MOODY AIR FORCE BASE, Ga. - Senior Master Sgt. Frederick Thomas spots Tech. Sgt. Tommy Reid, both from the 347th Medical Group here, at the Freedom I Fitness Center Feb. 7. They began working out together after finding out they both had high cholesterol, and the best way to combat cholesterol is with proper exercise and diet. (Photo by Senior Airman S.I. Fielder)

MOODY AIR FORCE BASE, Ga. - Senior Master Sgt. Frederick Thomas spots Tech. Sgt. Tommy Reid, both from the 347th Medical Group here, at the Freedom I Fitness Center Feb. 7. They began working out together after finding out they both had high cholesterol, and the best way to combat cholesterol is with proper exercise and diet. (Photo by Senior Airman S.I. Fielder)

MOODY AIR FORCE BASE, Ga. -- A trip to the 347th Medical Group, here, revealed some shocking news for two Airmen who thought they were at the top of their game. 

Senior Master Sgt. Frederick Thomas, 347th Maintenance Training Flight superintendent, can run one-and-a-half miles in less than 10 minutes and 30 seconds. But that didn’t change the fact he had a total cholesterol count of 188 and a low-density lipoprotein, or LDL, of 119. 

Tech. Sgt. Tommy Reid, 347th Maintenance Training Flight instructor, routinely bench presses 300 pounds, yet had a total cholesterol of 201, with LDL levels, also known as “bad cholesterol,” of 128. 

With desirable ranges of total cholesterol being less than 200, and less than 100 for LDLs, each was on the path which, if left untreated, could result in heart disease or a stroke later in life. 

Sergeant Thomas had his cholesterol checked at a recent unit Commander’s Call, where Maj. LeeAnne Lamer, 347th MDG, gave a health presentation about the importance of monitoring blood glucose levels and cholesterol. 

“She gave me some pamphlets, and she told me some of the things I can do,” he said. “I changed my diet, period.” 

Building up to his cholesterol problem, Sergeant Thomas would typically eat lots of pasta, rice or potatoes for both lunch and dinner. Now, he eats more vegetables, salad, no starches and smaller portions of meat. Although Sergeant Thomas runs three miles a day, five days per week, exercise alone wasn’t enough to lower cholesterol. 

“I always ran,” Sergeant Thomas said. “Exercise alone is not going to do it for you. You have to change your eating habits. I feel good. I like it a lot. I don’t miss the carbohydrates either. I’m going to stay with this lifestyle, and I plan to stick with it.” 

The key to success is diet and proper exercise, said Major Lamer, with emphasis on “proper.” 

“People are putting in the effort; they just need that effort re-directed,” she said. “If you work out beyond your target heart rate, you are essentially giving yourself a cardiac stress test.”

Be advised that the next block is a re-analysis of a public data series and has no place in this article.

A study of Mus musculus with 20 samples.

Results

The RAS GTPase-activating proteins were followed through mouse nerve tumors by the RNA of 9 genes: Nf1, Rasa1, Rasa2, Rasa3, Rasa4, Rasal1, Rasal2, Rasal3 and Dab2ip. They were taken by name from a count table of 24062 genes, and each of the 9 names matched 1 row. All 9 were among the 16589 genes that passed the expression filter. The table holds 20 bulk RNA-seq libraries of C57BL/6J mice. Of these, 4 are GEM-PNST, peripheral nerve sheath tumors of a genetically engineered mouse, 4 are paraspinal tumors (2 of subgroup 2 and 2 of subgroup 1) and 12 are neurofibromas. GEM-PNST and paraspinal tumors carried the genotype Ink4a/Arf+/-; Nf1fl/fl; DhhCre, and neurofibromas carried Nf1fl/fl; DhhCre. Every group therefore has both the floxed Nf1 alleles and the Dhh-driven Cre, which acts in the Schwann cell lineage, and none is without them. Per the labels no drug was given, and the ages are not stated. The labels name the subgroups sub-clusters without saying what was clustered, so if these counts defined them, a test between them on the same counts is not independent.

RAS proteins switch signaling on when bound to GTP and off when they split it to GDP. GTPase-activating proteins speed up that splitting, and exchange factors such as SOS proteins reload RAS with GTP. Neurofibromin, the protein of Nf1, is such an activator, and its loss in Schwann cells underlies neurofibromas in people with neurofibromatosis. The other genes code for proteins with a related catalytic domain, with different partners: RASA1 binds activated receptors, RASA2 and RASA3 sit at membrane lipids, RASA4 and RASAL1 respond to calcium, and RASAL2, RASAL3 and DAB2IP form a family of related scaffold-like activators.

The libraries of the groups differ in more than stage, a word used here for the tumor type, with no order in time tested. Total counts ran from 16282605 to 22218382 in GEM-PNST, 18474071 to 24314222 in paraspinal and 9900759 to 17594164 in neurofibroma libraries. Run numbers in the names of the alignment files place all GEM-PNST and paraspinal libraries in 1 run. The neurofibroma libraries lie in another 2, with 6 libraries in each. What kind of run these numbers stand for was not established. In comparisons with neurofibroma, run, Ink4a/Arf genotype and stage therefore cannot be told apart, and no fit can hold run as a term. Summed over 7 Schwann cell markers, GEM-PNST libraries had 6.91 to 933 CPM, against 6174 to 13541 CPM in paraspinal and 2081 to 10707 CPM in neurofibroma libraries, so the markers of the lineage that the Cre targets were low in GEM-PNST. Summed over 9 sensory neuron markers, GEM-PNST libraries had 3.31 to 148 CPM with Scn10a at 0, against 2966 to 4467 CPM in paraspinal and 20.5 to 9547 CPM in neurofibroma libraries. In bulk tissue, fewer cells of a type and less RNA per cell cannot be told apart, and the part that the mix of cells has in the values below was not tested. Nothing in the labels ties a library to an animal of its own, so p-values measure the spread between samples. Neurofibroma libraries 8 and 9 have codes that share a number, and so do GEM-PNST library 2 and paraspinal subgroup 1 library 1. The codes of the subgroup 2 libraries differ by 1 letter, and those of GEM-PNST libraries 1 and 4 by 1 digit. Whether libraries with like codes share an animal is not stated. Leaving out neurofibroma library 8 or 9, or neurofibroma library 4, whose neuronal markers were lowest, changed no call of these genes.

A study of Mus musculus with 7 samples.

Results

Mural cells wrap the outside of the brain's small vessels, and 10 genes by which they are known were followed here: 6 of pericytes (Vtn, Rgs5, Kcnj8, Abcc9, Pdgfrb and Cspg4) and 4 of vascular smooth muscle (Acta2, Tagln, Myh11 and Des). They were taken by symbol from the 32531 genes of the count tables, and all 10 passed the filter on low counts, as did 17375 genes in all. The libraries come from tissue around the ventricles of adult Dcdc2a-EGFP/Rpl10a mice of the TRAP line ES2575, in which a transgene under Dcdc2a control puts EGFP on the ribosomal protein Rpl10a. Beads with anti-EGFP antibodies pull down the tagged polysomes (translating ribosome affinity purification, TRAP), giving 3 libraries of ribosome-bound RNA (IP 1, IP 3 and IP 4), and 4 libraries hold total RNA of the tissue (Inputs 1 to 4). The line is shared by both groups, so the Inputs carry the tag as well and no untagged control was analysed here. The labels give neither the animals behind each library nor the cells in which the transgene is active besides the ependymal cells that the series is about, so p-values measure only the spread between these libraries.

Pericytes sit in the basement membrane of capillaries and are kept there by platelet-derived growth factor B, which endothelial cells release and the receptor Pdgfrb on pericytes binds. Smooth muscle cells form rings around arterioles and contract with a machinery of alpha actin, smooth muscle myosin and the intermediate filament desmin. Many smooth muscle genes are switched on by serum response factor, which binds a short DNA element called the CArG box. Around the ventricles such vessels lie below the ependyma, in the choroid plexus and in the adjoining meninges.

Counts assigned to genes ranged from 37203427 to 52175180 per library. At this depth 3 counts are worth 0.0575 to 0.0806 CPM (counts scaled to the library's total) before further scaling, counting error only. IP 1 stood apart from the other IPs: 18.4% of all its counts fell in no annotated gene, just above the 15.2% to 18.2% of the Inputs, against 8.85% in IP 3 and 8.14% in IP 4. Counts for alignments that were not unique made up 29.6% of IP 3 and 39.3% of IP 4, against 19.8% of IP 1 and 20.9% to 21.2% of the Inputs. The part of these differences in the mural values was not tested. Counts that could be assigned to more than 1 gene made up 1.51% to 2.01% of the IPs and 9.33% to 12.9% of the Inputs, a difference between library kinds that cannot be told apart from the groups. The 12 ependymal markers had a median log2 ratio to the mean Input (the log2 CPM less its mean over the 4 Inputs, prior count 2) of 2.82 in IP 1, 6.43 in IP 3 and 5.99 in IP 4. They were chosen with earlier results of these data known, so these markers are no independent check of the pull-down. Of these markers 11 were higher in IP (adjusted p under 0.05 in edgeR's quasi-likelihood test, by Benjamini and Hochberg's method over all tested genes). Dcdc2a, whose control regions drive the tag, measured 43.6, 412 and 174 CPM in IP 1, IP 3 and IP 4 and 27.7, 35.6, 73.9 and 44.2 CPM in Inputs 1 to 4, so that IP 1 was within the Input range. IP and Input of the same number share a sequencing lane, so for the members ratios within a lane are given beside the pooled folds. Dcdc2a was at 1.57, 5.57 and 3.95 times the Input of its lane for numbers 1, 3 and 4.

Major Lamer leads the “Medical Right Start” program which began in February 2005 and educates Moody newcomers about the different health programs available here. 

“We’re trying to get the word out about the things we can do,” she said. “We’re lucky we have a cholesterol clinic with a doctor of pharmacy who specializes in cholesterol management.” 

A former training instructor for Basic Military Training at Lackland Air Force Base, Texas, Sergeant Reid had his cholesterol checked during his newcomer’s orientation. 

“At first, I thought it was a waste of time,” he said. “But when I saw my numbers, I knew it was a great thing.” 

Sergeant Reid admits to eating a lot of carbohydrates prior to learning about his high cholesterol. In fact, he admits to eating pretty much anything he wanted. 

“I was at Lackland, so I ate everything on the chow line,” said Sergeant Reid.
He lifts weights and does a cardio workout three times per week, but like Sergeant Thomas now understands that diet is key. 

“I feel great now,” Sergeant Reid said. “I’m not sluggish, and I come to work with a good attitude. I feel like I can lift the gym.” 

Because they work together and both have a competitive attitude, their personal battles with cholesterol became a friendly competition. 

“I thought I was good runner until I met Sergeant Thomas,” said Sergeant Reid. “But I’m not racing with him - I’m racing death.” 

After following Major Lamer’s diet and exercise plan, both have reduced their cholesterol numbers. Sergeant Thomas now has total cholesterol of 106 and his LDLs are 56. Sergeant Reid’s numbers are 152 and 89, respectively. 

“This is still a friendly competition, but we’re both winning,” Sergeant Thomas said.